The razor-thin survival of the GOP health care bill became dire Monday night when two Republican senators declared they would not support the legislation. Earlier in the day a bipartisan group of Vermont leaders had gathered at the Statehouse to decry the measure and what they call potential negative impacts on the state.
Vermont U.S. Senator Patrick Leahy met with community advocates and the leader of the Champlain Valley Office of Economic Opportunity on Monday to discuss the implications of proposed cuts in the federal budget that would eliminate three programs that aid low-income Vermonters.
Vermont’s Patrick Leahy is the most senior member of the U.S. Senate. First elected in 1974 he was the first Democrat the state ever sent to the Senate. Now seeking his 8th term Leahy is being challenged by a Republican who has never held elective office and three minor party candidates.
There is considerable speculation that Democrats could take control of the U.S. Senate in November. During an event in downtown Burlington this afternoon, WAMC’s North Country Bureau Chief Pat Bradley asked Vermont’s senior U.S. Senator Democrat Patrick Leahy how optimistic he is that the Senate could change hands.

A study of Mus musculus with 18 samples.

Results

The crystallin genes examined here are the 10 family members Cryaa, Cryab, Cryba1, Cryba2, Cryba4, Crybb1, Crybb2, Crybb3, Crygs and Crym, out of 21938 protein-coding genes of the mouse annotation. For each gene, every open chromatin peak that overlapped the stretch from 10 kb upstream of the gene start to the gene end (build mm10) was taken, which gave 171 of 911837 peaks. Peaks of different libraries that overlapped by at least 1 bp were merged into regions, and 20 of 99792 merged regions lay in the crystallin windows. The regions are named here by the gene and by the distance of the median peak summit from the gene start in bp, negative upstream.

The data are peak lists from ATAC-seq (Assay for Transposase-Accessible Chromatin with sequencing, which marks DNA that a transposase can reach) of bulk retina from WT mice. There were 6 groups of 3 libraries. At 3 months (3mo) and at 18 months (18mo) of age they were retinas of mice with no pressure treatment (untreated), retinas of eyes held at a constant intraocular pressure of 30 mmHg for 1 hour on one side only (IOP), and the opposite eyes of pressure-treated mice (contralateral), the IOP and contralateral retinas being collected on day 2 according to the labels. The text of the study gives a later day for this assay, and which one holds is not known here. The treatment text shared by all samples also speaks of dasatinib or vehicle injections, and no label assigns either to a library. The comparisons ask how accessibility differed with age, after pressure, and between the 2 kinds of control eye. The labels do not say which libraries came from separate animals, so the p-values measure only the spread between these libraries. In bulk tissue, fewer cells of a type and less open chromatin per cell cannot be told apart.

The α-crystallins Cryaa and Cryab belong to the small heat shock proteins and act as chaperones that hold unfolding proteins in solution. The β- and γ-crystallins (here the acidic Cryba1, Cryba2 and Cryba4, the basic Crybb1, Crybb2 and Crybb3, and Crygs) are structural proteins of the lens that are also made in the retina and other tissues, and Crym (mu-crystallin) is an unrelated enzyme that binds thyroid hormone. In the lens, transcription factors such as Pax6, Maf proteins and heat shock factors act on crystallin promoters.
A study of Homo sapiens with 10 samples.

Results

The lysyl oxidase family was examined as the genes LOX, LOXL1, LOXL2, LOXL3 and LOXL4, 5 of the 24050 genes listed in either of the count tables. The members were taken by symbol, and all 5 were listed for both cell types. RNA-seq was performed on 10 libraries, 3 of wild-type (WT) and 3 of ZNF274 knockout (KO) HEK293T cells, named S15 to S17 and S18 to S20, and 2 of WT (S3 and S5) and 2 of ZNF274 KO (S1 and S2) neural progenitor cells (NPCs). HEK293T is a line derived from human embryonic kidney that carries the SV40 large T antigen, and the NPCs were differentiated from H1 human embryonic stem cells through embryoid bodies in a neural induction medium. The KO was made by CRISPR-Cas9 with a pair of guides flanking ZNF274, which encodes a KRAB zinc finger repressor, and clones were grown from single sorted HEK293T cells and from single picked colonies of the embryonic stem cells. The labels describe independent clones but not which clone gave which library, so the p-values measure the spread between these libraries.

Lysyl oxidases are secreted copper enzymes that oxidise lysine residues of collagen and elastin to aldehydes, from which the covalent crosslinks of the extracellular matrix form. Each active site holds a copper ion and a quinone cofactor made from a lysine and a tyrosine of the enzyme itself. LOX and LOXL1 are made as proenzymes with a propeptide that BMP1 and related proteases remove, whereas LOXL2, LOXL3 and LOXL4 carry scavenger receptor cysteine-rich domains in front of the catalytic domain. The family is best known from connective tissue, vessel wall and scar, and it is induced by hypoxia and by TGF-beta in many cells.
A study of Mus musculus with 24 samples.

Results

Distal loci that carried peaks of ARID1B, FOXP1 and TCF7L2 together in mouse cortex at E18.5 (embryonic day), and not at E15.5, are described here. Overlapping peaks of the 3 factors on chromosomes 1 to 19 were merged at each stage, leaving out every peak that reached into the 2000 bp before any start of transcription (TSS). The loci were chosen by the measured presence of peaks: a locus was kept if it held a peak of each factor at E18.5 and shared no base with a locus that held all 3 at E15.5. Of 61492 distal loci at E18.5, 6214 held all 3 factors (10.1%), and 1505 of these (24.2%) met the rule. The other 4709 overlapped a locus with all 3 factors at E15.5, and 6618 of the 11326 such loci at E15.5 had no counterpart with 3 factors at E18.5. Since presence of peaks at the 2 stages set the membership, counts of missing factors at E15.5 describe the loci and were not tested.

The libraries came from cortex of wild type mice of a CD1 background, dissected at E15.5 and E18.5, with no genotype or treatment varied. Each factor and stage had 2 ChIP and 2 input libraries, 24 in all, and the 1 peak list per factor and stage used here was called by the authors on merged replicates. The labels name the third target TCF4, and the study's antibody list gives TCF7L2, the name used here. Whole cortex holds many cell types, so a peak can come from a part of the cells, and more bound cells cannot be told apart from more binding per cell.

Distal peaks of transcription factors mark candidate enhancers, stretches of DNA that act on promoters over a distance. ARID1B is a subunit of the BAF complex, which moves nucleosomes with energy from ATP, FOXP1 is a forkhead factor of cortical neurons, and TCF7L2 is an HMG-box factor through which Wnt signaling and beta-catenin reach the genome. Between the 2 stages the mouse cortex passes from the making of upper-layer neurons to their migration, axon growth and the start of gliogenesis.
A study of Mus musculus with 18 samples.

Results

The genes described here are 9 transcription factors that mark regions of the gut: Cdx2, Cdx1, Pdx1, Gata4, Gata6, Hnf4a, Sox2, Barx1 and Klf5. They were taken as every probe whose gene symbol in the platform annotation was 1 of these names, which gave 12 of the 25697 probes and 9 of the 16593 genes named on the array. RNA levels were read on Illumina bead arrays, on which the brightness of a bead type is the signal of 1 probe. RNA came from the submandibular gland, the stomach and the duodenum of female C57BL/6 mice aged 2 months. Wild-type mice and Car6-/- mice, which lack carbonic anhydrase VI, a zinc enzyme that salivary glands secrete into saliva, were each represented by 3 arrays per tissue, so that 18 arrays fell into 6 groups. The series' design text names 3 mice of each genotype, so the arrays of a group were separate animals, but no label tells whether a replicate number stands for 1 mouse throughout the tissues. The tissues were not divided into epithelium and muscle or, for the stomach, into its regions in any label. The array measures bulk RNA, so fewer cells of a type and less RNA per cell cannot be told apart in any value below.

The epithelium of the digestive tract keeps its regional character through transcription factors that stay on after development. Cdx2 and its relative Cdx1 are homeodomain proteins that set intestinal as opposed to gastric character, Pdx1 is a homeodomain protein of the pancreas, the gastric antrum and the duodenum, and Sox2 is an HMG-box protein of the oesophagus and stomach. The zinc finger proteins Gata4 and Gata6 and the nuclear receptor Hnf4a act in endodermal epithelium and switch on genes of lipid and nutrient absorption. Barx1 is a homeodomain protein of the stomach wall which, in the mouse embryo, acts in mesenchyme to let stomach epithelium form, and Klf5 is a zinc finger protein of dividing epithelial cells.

Among the officials attending the flag raising and official opening of the U.S. embassy in Cuba on Friday was Vermont senior U.S. Senator Patrick Leahy. The Democrat played a critical role over the past few years in negotiations to normalize relations after a half-century of rancor. He tells WAMC’s North Country Bureau Chief Pat Bradley it was an emotional moment watching the flag rise again in Havana.
Vermont U.S. Senator Patrick Leahy, chair of the Judiciary Committee, held a field hearing in Burlington this morning to take testimony on rules the Federal Communications Commission is considering that some say threaten an open internet.
Vermont Senator Patrick Leahy says he'd rather see the Congress craft a constitutional amendment to overturn recent U.S. Supreme Court decisions on campaign finance than have states call a constitutional convention to address the issue.
Vermont Senator Patrick Leahy says closing loopholes in the background check system for gun purchasers won't threaten firearms owners' Second Amendment rights to own a gun, and is a matter of common sense.